Task Force Created to Speed Up Renewable Energy Projects on Federal Lands
The Depatment of Interior announced on Wednesday that a task force has been created with the goal of pushing through renewable energy projects on federal lands.
“We will assign a high priority to identifying renewable energy zones and completing the permitting and appropriate environmental review of transmission rights-of-way applications that are necessary to deliver renewable energy generation to consumers,” Interior Secretary Ken Salazar said. “We have to connect the sun of the deserts and the wind of the plains with the places where people live.”
The task force will have the assignment of identifying specific zones on public lands where the Interior Department can then step in and push through the creation of large-scale renewable energy production such as wind, geothermal, solar and biomass energy.
The Wilderness Society, which has been lobbying the White House for reform on how electrical grids are planned, built and managed, applauded Salazar’s announcement.
“Secretary Salazar has laid the foundation for our nation’s entrepreneurs to harness the planet’s wind, sun, heat and other renewable energy sources in a manner that safeguards the wildlife and natural resources that help keep American communities healthy, safe, and prosperous,” Wilderness Society President Bill Meadows said in a statement.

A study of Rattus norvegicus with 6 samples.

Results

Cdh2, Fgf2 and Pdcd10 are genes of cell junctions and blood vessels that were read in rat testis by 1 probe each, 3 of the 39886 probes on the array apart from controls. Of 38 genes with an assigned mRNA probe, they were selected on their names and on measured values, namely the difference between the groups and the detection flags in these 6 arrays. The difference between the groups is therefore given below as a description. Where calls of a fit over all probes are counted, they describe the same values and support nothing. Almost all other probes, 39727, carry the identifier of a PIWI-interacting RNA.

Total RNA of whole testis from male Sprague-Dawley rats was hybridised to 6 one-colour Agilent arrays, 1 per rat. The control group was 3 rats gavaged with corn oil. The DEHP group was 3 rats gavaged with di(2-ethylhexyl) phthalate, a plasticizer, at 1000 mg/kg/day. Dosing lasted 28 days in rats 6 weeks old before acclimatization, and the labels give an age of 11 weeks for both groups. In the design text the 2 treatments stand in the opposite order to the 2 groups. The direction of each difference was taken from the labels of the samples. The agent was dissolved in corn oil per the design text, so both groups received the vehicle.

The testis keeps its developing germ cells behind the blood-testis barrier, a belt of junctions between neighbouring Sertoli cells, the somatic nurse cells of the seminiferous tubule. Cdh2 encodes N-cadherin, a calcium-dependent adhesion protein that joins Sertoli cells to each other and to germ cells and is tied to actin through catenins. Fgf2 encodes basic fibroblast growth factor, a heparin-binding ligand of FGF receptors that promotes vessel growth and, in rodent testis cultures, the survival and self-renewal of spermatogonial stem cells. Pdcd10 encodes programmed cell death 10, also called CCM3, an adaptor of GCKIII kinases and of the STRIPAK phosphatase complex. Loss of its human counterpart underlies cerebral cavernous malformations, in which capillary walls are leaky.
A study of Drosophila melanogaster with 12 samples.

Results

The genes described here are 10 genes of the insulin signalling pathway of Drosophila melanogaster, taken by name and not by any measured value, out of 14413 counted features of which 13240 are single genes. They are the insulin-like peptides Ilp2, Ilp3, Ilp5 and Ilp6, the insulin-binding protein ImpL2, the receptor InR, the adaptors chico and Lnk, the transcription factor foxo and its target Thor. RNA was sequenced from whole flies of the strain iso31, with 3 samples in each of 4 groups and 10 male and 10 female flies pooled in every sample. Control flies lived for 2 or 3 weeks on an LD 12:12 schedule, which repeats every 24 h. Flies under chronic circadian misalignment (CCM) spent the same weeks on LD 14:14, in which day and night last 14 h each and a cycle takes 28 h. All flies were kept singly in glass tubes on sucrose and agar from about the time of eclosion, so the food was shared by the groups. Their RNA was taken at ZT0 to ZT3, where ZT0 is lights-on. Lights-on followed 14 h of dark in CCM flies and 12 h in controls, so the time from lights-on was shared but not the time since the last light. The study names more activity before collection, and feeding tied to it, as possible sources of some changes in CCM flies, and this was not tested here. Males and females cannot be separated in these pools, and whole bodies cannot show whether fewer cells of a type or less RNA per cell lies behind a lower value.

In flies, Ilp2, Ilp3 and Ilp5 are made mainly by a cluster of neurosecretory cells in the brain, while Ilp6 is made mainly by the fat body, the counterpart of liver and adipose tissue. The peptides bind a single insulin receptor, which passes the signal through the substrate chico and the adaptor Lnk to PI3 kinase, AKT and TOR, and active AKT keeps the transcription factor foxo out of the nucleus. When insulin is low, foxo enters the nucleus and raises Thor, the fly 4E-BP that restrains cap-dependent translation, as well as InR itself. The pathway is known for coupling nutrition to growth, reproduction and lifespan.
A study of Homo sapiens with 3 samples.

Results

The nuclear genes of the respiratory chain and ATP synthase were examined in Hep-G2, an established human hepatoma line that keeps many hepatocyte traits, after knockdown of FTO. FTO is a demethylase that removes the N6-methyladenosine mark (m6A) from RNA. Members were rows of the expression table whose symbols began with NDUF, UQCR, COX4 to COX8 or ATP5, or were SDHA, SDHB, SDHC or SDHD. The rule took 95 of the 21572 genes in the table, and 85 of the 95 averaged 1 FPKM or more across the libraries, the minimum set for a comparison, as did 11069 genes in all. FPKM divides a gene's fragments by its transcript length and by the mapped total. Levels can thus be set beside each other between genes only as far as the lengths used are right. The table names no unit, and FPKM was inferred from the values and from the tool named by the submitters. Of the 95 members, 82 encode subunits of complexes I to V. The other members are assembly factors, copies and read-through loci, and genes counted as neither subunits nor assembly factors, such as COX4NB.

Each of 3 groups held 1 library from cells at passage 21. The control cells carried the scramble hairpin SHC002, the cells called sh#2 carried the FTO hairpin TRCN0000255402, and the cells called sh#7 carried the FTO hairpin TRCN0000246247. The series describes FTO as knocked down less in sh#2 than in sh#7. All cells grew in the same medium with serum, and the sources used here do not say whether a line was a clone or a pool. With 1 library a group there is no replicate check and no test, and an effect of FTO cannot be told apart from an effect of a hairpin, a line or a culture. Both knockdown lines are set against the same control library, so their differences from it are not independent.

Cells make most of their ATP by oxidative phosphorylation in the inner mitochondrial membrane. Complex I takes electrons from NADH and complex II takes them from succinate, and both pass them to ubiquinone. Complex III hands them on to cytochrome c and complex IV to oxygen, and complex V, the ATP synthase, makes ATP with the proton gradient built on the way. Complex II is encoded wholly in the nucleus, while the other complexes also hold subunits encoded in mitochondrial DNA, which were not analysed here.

The move is just the latest among other plans that want to clear the path for renewable energy production on lands that may otherwise pose a problem for construction.
Last week, Senate Majority Leader Harry Reid of Nevada introduced a bill that would create renewable energy power lines which would deliver electricity created from renewable sources in remote areas to more populated cities.
The senator wants the Federal government to have the power to override states in deciding where they should be placed and who will pay for them. The ultimate authority will lie with the Federal Energy Regulatory Commission to take land under eminent domain and issue permits if a project is being stalled on the state level.
“The concept of this bill is simple, we need to have an efficient way to take energy created in often remote areas and move it to where it is needed,” Reid said. “This is especially important for states like Nevada because it will create thousands of good-paying jobs and help diversify the economy.”